More kids hospitalized for suicide attempts, some blame remote learning
QUINCY (WGEM) - New research shows a big jump in emergency room visits for children with suicide attempts.
According to the National Institute of Mental Health, the number of teenage girls admitted saw a 50 percent increase from 2019 to this year, with remote learning being a factor.
Many schools were in a fully-remote or hybrid learning mode from March of 2020 through last school year.
Tara Hamann with Transitions of Western Illinois, who deals with mental health, said the lack of face-to-face interaction caused more students to feel depressed.
“One of the big key factors that we notice is that there is a decline in their social relationships. They disengage. They quit spending time with them. And so when I think that naturally gets taken away from them, as the pandemic did, I think it creates feelings of depression,” she said.
Quincy High School has counselors, psychologists, and a school social worker to make sure students are in a good place mentally to stay in school.
QHS social worker Morgan Fox said it does not surprise her that remote learning is a factor, as she’s seen a lot of students struggling this school year.
“School is obviously a lot about academics, but it’s also about social-emotional learning and socializing with your peers so being out of school for that long doesn’t surprise me that students are struggling,” Fox said.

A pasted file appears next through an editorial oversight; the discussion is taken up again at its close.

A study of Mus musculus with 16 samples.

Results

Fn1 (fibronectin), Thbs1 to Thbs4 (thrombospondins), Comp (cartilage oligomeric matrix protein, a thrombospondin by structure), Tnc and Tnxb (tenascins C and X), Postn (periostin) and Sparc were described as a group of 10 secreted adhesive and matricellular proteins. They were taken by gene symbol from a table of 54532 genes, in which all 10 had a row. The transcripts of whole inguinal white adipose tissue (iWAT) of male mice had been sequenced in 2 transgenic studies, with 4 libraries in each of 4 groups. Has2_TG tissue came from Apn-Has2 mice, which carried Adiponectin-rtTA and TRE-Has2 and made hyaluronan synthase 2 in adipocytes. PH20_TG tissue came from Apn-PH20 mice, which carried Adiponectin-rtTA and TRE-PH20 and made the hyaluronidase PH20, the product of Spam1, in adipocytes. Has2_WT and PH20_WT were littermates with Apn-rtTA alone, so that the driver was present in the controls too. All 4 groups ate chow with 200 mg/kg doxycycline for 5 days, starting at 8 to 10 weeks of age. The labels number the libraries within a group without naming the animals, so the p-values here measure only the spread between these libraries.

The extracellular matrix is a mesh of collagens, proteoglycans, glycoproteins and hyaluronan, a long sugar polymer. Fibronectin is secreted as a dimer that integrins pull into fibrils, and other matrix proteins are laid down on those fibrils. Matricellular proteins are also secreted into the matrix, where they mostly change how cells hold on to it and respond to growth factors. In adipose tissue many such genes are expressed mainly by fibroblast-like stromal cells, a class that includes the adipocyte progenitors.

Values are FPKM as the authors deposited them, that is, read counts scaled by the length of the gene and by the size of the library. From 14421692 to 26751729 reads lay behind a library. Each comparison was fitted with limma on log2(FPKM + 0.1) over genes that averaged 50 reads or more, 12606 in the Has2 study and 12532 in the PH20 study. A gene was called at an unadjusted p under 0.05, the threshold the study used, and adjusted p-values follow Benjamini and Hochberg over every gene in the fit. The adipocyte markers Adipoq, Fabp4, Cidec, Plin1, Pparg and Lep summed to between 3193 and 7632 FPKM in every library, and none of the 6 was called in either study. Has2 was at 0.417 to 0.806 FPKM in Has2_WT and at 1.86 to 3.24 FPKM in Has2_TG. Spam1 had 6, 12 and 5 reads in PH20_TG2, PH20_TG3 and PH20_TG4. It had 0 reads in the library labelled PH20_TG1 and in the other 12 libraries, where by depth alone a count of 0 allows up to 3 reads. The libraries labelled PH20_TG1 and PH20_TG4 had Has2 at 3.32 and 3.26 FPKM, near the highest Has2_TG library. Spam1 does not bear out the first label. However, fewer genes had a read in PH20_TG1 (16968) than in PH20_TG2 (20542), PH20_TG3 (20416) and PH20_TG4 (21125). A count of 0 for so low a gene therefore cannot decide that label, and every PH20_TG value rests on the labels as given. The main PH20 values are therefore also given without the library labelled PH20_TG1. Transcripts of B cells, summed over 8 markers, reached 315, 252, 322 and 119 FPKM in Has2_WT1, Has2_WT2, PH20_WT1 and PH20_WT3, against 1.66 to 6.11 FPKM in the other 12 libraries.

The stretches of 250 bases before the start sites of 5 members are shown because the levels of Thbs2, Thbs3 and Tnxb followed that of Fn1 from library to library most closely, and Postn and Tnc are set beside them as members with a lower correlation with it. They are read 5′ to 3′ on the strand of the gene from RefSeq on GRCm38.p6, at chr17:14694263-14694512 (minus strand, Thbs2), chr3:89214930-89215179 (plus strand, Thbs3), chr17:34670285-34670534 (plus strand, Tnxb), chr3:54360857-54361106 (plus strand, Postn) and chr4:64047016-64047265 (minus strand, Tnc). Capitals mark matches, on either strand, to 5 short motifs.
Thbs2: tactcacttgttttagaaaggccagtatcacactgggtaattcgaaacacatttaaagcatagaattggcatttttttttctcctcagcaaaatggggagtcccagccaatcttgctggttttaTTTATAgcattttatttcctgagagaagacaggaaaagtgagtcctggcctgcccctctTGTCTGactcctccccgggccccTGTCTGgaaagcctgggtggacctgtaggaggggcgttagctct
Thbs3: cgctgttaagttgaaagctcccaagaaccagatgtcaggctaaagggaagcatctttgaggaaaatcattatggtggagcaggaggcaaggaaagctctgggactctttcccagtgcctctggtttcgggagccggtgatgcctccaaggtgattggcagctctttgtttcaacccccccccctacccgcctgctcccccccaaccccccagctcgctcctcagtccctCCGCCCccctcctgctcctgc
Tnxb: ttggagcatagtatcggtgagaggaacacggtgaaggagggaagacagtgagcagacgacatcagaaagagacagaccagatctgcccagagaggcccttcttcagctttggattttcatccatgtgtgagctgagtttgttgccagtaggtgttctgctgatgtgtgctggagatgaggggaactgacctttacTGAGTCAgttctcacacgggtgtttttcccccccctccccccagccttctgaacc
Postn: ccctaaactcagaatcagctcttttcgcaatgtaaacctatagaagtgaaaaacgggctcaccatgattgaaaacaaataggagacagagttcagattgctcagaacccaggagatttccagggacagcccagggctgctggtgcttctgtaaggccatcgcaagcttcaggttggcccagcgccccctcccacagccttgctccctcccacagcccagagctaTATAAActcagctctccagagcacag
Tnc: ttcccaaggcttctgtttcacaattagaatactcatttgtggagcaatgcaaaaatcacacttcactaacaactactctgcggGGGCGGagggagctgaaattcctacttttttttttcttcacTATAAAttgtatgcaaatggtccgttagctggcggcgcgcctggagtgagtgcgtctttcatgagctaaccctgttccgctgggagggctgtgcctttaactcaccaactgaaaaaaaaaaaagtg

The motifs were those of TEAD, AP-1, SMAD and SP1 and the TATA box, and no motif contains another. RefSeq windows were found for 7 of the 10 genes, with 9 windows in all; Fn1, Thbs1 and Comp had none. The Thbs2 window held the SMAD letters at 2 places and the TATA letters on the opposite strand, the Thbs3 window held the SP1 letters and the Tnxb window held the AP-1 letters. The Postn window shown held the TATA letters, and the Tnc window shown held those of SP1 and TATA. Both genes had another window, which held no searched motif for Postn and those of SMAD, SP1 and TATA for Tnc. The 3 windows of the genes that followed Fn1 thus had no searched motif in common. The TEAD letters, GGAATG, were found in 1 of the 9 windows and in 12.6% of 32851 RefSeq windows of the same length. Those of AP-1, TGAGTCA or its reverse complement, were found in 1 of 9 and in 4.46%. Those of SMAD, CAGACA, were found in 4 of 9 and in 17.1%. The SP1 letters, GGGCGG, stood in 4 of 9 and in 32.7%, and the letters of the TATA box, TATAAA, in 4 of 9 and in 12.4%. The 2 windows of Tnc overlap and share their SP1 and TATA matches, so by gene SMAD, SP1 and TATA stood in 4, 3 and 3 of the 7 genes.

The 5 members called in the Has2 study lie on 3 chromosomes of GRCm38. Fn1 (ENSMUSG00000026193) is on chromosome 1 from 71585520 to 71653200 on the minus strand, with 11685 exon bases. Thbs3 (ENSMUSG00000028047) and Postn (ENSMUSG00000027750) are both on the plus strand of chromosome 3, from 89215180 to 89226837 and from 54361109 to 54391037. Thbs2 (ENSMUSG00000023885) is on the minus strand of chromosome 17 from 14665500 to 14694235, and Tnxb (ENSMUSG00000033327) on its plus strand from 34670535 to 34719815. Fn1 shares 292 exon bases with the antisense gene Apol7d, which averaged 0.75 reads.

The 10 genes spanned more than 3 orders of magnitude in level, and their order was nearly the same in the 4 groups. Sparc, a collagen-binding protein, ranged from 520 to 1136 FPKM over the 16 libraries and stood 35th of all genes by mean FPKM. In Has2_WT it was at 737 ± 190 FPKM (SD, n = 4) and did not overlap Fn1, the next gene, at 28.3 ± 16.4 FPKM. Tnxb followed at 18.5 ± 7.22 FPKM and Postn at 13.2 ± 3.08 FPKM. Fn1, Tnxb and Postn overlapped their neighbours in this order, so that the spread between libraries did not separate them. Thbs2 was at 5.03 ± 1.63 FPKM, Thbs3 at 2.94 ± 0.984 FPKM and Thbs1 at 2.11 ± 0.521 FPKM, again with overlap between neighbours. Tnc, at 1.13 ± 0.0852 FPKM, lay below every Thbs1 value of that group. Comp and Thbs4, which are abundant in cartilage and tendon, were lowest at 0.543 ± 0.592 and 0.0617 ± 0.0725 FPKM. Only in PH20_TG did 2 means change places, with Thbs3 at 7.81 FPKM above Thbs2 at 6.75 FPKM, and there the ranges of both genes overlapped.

Hamann said for some students, going back to in-person learning after being virtual has also been an issue for their mental health.
“Now that all of those things are being thrown back in, trying to manage all of those things, and the social aspect of it, so I think that it creates a lot of anxiety and pressure,” Hamann said.
Hamann said Transitions screens people in a psychiatric crisis to see if they’d be better served in a hospital setting.
She said they have screened around 700 people this year, many who were kids struggling with issues related to the pandemic.
Fox said while they respect student confidentiality, if a student is severely struggling and might attempt suicide, their parents will be notified.
If you need help, or know someone who does, call the National Suicide Prevention Hotline at 1(800) 273-8255.